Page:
Getting Americans Back to Work (and School) With Pooled Testing


  • Reopening businesses and schools amid COVID-19 will require reliable testing data.
  • Frequent testing for the coronavirus is an obvious solution, but costs will be prohibitive and supply limited.
  • Pooled testing for COVID-19 offers a cost-effective and scalable solution, wherein tests are batched to test multiple individuals simultaneously.
  • Pooled testing could ramp up the number of coronavirus tests while lowering testing costs, especially in low-prevalence areas.
  • Schools and businesses saddled with testing costs could lower costs by as much as 75 percent.


Decisions about reopening businesses and schools while keeping employees and customers safe will likely fall to business leaders and school administrators. While frequent testing might seem like the natural answer, costs will quickly add up for American businesses and school systems already crippled in the aftermath of a major shutdown. Finding cost-effective ways to test might provide a way out of the shutdown.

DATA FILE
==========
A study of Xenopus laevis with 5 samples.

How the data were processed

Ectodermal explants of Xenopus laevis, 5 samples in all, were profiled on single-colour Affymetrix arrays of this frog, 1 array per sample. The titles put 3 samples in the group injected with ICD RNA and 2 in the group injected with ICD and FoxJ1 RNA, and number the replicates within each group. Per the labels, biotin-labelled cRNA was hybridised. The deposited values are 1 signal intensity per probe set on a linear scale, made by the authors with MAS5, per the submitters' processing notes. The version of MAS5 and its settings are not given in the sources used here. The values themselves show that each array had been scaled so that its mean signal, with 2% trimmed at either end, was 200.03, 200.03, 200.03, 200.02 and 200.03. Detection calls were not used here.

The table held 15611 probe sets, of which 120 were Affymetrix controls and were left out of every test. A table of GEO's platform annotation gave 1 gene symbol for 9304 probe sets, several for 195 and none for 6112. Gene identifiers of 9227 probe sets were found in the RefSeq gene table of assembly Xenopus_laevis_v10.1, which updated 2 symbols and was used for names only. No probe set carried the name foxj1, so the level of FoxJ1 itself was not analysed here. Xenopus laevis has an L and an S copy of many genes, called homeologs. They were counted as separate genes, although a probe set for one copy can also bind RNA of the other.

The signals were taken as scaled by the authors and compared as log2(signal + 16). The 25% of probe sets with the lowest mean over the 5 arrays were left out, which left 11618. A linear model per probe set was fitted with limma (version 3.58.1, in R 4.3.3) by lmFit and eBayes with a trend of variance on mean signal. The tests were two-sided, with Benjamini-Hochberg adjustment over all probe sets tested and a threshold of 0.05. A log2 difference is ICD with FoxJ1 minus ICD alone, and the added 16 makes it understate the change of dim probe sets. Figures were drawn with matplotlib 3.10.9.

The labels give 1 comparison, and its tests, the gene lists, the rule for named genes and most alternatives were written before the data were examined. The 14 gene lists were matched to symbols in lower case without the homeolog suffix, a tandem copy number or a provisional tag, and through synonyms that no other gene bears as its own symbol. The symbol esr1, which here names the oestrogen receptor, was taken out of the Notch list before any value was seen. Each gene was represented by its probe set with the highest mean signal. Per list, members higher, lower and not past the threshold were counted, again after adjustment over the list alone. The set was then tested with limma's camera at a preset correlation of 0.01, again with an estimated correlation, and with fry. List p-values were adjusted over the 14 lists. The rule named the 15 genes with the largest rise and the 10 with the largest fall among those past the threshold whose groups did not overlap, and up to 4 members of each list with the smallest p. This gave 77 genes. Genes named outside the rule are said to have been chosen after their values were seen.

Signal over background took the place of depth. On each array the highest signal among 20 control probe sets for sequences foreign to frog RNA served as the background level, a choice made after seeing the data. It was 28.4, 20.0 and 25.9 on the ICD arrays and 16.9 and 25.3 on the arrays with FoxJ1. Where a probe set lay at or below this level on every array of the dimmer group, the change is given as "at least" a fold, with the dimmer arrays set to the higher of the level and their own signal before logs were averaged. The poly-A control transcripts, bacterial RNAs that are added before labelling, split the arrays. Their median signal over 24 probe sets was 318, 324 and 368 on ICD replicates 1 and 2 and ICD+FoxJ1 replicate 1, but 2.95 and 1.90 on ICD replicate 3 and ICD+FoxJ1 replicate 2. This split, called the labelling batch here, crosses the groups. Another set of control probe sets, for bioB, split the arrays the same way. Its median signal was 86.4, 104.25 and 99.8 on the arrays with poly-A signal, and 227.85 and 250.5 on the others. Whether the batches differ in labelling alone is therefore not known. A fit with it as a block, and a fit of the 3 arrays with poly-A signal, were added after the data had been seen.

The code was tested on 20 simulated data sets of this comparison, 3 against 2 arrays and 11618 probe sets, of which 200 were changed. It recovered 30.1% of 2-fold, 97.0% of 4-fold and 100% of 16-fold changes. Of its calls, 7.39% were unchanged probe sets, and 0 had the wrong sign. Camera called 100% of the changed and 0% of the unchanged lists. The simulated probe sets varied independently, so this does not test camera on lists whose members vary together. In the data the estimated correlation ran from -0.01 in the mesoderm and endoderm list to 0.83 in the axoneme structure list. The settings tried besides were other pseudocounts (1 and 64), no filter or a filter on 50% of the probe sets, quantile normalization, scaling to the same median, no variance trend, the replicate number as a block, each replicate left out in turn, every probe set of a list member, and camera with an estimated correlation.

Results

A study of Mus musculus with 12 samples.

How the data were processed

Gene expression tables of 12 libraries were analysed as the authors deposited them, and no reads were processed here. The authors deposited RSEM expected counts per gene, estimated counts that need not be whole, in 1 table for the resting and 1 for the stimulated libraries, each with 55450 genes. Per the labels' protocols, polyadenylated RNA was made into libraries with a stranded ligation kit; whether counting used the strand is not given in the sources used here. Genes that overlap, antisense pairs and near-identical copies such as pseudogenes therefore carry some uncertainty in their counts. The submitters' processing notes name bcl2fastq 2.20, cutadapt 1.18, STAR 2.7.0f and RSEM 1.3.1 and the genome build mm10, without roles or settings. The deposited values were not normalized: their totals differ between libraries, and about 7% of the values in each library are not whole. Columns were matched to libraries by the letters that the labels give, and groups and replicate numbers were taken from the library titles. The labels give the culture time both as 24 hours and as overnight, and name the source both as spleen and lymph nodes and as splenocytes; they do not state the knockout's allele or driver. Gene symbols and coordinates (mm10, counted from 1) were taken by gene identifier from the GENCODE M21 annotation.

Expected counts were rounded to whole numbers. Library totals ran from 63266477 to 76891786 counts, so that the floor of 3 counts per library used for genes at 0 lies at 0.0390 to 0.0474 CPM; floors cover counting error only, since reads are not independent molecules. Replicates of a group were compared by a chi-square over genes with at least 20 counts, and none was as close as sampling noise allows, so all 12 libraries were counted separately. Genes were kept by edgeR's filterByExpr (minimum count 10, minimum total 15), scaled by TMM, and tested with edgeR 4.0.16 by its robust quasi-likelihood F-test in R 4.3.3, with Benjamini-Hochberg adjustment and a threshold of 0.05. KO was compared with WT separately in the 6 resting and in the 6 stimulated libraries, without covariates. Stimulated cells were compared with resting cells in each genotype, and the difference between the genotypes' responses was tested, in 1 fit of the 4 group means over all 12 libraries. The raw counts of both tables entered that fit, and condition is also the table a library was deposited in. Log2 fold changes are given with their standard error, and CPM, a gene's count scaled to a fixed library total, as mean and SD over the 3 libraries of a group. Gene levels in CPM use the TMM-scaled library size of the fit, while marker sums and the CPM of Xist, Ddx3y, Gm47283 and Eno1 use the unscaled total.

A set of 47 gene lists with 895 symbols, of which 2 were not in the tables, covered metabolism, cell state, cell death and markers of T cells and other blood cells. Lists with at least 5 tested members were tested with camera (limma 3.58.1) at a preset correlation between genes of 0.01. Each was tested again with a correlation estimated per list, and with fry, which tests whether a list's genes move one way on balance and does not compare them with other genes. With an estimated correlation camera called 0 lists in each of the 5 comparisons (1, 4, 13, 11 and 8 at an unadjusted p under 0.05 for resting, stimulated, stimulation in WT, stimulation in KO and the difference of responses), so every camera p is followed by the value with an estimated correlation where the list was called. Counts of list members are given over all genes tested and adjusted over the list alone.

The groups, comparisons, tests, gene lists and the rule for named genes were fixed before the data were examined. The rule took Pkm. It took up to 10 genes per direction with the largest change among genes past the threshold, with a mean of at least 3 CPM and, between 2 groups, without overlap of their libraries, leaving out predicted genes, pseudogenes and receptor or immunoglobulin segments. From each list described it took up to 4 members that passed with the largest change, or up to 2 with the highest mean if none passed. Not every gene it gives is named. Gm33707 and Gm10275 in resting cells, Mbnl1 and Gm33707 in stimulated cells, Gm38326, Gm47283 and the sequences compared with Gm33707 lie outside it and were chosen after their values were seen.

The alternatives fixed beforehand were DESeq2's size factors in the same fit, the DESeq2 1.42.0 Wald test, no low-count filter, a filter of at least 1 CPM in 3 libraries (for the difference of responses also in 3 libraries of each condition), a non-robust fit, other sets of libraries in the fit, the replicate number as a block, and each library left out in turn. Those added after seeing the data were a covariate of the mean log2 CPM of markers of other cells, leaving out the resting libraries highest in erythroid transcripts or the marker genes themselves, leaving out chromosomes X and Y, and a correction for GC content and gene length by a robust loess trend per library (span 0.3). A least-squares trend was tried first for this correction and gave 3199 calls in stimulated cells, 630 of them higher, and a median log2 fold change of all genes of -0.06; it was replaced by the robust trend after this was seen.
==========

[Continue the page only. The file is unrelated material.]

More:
Pooled testing is a well-established approach to track infectious disease, wherein a lab tests batched samples of several people for the presence of active virus.1 If the test indicates at least one person in that pool is infected, repeat testing of the individuals in the infected pool can reveal the source. In contrast, if the pooled sample comes back negative, it could clear all members of the pool for work, at least until the next testing cycle. While there are inherent challenges in this approach, including choosing appropriate pool sizes and factoring in test-reliability concerns, our estimates suggest that pooled testing could lower testing costs by half or even three-quarters for many schools and businesses. Greater savings are incurred in low-prevalence areas. Employers need to identify COVID-19+ workers and do so at reasonable cost. Pooled testing is an effective tool for doing so.

Download the entire white paper here. Read the press release about the study here.